Sotheby’s in London will later this month auction off a collection of eight portraits of Ruth Bromberg by the artist Frank Auerbach, one of Britain’s most acclaimed living painters. Auerbach produced a total of 20 paintings of Bromberg, a patron of the “London School” of artists and a key sitter, and Sotheby’s is offering these eight as “the most exceptional and coherent collection” of them.
The paintings, along with an etching by Lucian Freud of his daughter Bella, are being offered for sale by the executor of Ruth and Joseph Bromberg’s estate as a bequest to the British Friends of the Art Museums of Israel, to benefit the Prints and Drawings department of the Israel Museum in Jerusalem.
The Brombergs, who were refugees from the Nazis, felt a kinship with Auerbach, who had fled his native Germany as a boy with his parents. Russian-born Joseph and German-born Ruth met in New York in 1940. They married in 1942 and had one child, Michael. The family moved to Milan for business and later in the mid-1970s to London, where Michael, by then in his 20s, soon died from a brain tumor. The gift to the Israel Museum will be made in Michael’s memory.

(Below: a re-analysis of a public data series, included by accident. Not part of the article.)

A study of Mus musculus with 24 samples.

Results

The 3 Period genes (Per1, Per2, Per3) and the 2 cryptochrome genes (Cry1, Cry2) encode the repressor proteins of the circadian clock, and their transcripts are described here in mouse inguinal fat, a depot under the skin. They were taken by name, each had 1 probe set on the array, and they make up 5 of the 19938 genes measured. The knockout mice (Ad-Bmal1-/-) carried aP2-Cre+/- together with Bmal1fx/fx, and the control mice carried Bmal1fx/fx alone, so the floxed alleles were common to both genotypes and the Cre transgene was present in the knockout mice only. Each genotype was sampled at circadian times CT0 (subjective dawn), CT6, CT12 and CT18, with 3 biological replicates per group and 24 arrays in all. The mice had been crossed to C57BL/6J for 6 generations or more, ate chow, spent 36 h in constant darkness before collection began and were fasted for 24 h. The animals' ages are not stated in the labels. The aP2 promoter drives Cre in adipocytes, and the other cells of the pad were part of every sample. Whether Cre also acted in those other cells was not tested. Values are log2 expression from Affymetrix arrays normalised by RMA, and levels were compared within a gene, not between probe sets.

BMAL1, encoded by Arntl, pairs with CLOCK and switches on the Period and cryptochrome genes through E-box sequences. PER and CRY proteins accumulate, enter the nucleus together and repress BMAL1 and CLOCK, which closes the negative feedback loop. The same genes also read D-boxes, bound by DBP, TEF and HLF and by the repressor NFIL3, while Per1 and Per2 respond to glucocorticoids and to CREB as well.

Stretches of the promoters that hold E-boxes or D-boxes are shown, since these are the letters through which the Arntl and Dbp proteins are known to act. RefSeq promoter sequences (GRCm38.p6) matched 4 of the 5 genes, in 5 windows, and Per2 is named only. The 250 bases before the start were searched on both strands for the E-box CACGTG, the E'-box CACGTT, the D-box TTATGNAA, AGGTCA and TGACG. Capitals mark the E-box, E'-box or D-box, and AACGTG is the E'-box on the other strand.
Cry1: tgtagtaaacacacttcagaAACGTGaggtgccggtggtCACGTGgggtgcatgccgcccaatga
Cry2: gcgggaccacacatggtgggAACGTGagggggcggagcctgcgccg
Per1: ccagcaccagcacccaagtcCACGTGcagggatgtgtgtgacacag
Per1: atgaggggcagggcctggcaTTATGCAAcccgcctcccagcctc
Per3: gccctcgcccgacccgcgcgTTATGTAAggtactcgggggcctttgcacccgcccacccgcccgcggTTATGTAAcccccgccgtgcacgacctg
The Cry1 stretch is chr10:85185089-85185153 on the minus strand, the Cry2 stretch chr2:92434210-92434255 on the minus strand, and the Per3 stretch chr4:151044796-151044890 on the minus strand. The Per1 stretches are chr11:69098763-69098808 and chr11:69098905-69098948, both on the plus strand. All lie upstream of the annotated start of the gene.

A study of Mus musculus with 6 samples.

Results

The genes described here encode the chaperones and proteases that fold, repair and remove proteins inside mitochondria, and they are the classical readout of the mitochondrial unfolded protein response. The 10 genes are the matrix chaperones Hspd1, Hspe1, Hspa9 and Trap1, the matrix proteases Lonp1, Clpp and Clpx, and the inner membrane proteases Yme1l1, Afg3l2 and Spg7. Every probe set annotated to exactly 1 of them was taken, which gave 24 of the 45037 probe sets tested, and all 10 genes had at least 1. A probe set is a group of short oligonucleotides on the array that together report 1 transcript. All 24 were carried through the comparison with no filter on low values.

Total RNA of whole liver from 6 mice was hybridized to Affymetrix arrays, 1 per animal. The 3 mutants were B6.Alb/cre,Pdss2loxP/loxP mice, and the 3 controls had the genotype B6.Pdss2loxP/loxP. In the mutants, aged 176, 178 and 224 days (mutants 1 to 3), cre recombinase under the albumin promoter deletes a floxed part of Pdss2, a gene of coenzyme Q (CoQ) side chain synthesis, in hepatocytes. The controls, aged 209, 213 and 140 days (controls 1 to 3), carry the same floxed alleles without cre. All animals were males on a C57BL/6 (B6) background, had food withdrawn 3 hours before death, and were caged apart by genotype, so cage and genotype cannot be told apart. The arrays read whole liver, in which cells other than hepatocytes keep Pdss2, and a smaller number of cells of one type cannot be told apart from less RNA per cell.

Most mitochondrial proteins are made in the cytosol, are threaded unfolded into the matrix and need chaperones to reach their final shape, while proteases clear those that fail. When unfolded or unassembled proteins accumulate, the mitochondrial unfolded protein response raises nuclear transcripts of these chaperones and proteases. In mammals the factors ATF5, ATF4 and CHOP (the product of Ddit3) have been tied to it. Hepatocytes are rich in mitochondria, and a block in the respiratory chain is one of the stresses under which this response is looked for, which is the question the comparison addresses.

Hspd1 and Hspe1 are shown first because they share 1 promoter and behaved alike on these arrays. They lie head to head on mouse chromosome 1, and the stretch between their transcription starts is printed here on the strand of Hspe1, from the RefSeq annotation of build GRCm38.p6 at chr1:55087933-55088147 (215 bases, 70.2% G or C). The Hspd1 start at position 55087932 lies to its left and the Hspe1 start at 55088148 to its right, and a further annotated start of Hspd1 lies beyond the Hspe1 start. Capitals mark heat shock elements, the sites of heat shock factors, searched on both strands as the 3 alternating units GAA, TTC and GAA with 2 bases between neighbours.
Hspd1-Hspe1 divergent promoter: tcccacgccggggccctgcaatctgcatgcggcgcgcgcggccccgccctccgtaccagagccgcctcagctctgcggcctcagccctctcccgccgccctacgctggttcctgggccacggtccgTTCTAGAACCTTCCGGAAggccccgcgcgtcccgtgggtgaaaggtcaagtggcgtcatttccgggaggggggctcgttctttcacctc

The relationship between the Brombergs and the artist began in the early 1990s, when Joseph commissioned a portrait of Ruth. After the first work was completed, Ruth became a regular sitter for Auerbach. “Ruth and Auerbach developed a close working relationship across the easel and formed a friendship,” according to Sotheby’s press release.
Although Ruth sat for Auerbach every Thursday afternoon from 1992 to 2008, the artist’s endless scrutinizing and reworking of his paintings led to the production of only 20 portraits. Auerbach was deeply appreciative of Ruth’s steadfastness, writing to her in a letter on Christmas 1994, “the greatest present is your constancy as a sitter, and your patience with my slow fumble toward an image.”
The auction, with will take place as part of Sotheby’s Contemporary Art Evening on June 26. The individual works are expected to fetch as much as £650,000 ($1,005,800) each, and the entire collection could realize as much as £1.8 million ($2.8 million) all together.